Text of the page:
Cover Story

The place of Kenyan Identity in Popular Music as National Emblems

Volume 13, Issue 3  | 
Published 04/04/2017

Despite providing people of different ethnic backgrounds with a means with which they communicate as they transact their daily businesses; Kenyans retain their ethnic attitudes and stereotypes as they were before independence. The fact that Kiswahili was used as a lingua franca, in music composition it does not necessarily follow that it united Kenyans. What Kiswahili did in this context was to provide the nation with a linguistic hypocritical gown with which Kenyans interacted yet holding firmly to their ethnic stereotypes.

Kiswahili in this context succeeds in concealing the ethnic stereotypes that define the true identity of most Kenyans. This is a weak identity that arguably defines an aspect of the true self of most Kenyans but this identity remains concealed. This can be proven if we look at how we tend to coalesce around our ethnic interests when it comes to matters of national interest such as the national elections. Many Kenyans vote along ethnic lines despite having Kiswahili as a national language. I want to argue that the assumption that Kiswahili unites Kenyans thus far remains a hypothetical position rather than a reality. What Kiswahili does is to provide Kenyans with a linguistic veil with which they conceal their true selves.

In this context therefore, Kiswahili provides us with a situation of a linguistic contradiction because it is seen on the one hand as if it is uniting Kenyans, yet on the other hand it is functioning to sustain their disunity by providing a hypocritical gown with which they hide their true selves from each other. This linguistic practice in turn becomes a form of ‘identity’ of ourselves but which we prefer to ignore. This is an identity which falls within what Derrida terms as an aporia, a Greek term denoting a logical contradiction.

I want to bring out this hypocritical position that exists arguably among many Kenyans so that we may garner the courage to address it to achieve real social and national cohesion. This can as a result improve the transparency with which we claim our Kenyanhood, identity and belonging. It can be achieved if we weed out the ethnic bias which Kiswahili functions to conceal and in so doing adapt Kiswahili as a language of inclusion transcending ethnic barriers; rather than use it to hide the hatred we have for others.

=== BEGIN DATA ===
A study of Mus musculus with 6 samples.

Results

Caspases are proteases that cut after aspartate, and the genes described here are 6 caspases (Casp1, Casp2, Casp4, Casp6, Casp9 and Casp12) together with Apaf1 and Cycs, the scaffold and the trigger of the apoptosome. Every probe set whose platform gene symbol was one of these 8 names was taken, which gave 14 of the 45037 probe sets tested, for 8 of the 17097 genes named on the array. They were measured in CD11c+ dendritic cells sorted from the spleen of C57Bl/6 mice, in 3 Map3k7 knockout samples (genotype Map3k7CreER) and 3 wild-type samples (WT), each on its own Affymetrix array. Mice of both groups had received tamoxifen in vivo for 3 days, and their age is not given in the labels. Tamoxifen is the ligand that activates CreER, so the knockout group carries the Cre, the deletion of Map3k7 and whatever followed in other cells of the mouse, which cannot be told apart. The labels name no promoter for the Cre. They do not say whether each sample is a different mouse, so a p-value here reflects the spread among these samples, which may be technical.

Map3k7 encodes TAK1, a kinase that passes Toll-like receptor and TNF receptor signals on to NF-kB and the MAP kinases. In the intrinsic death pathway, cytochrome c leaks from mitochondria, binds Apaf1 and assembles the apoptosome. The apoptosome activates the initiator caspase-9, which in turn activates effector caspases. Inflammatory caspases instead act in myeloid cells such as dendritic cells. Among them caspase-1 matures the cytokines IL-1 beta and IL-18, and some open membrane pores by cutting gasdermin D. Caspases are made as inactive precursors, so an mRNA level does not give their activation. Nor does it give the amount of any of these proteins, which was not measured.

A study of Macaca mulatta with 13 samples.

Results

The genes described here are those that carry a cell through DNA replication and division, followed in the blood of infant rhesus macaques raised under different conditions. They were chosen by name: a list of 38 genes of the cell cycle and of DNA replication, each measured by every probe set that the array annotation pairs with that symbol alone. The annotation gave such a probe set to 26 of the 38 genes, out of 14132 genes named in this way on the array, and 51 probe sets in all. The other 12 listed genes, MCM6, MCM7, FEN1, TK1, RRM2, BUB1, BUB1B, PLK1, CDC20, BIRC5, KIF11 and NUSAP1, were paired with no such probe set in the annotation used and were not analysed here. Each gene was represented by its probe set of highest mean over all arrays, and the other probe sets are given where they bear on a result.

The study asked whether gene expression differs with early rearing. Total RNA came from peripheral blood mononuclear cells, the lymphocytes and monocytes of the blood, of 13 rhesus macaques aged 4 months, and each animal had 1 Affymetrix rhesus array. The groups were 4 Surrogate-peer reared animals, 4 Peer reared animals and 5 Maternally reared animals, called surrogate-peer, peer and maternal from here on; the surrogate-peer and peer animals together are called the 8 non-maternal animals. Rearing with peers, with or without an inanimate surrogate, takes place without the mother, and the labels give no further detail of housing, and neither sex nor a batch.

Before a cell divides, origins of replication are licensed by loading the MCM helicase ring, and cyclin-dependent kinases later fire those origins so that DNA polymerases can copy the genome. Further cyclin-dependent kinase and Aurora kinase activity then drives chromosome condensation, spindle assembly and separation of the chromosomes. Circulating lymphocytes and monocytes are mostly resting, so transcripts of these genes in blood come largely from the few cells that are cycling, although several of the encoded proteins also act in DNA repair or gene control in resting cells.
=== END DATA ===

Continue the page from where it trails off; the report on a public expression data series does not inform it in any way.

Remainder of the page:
We cannot change our ethnicities, neither can we force the other person to change their race or colour, but we can outstrip racial and ethnic stereotypes regardless of the language we use if we cultivate an appreciating attitude of language, colour and beauty of belonging together. This can be achieved by cultivating a practice of admiring the linguistic apotheosis of the other with a clean slate of sincerity to enjoy the audio poetics in the other person’s language and speech patterns. As Michael Jackson puts it in the song ‘Heal the World’ it starts with the person in the mirror, when we look at ourselves. The creation of a positive attitude towards each other regardless of our skin and linguistic differences can work towards building a more united Kenya whose value system encompasses identity and belonging.

Identity as a concept begs the question of what is in our minds, about ourselves and about others. Kenyanhood, identity and belonging begin with the individual practice of telling members of every race, tribe, or creed positive things which are dear to oneself. This boosts the sense of belonging, sense of inclusion and accommodation in every one hence building a greater identity that would qualify for the term ‘Kenyanhood’.

This has been witnessed in today’s popular music where young Kenyans appreciate music of the local industry regardless of the language in which the artiste is singing. The artiste in this context will accommodate everyone during the performance regardless of their ethnic background. The fans on the other hand will define a sense of ownership of the music and the artiste regardless of his or her race, class, religion or tribe. 

Today we are therefore witnessing a hybridization of the pop culture music forms into Hip hop music genres. In Kenya especially Kenyan Hip hop has metamorphosed into different music genres such as Kapuka, Gipuka, Genge, Benga to mention but four.  It’s important to examine aspects of Kenyan identity which these music genres embody, in order to address ourselves to how they function as pragmatic shifts in our conceived music and cultural identities.

I want to argue that the current music genres function to integrate our identity and sense of belonging beyond the ethnic stereotypes. This is because current music genres define their audiences outside the ethnic background of the artistes. Music genres such as Ohangla and Mugithi (Spelling?) for instance do not attract only members of the Luo and Gikuyu communities respectively; in spite of the language in which the songs are rendered they attract listeners who do not even understand that language. Other music genres such as Genge and Kapuka appear to define Kenyan identity along age and not necessarily ethnic lines. This is because they appear to be favourites of the youth regardless of their cultural background. Popular music in this case appears to define discourses of social cultural integration and homogeneity which if well tapped and harnessed can function to create greater sincerities with which we define our identities, not necessarily by using Kiswahili but by appropriation of all languages as tools for building greater national unity.

Last modified on Tuesday, 04 April 2017 13:34
Kanyi Thiong’o

Teaches literature at Egerton University and is currently pursuing a PhD in literature in the University of Nairobi.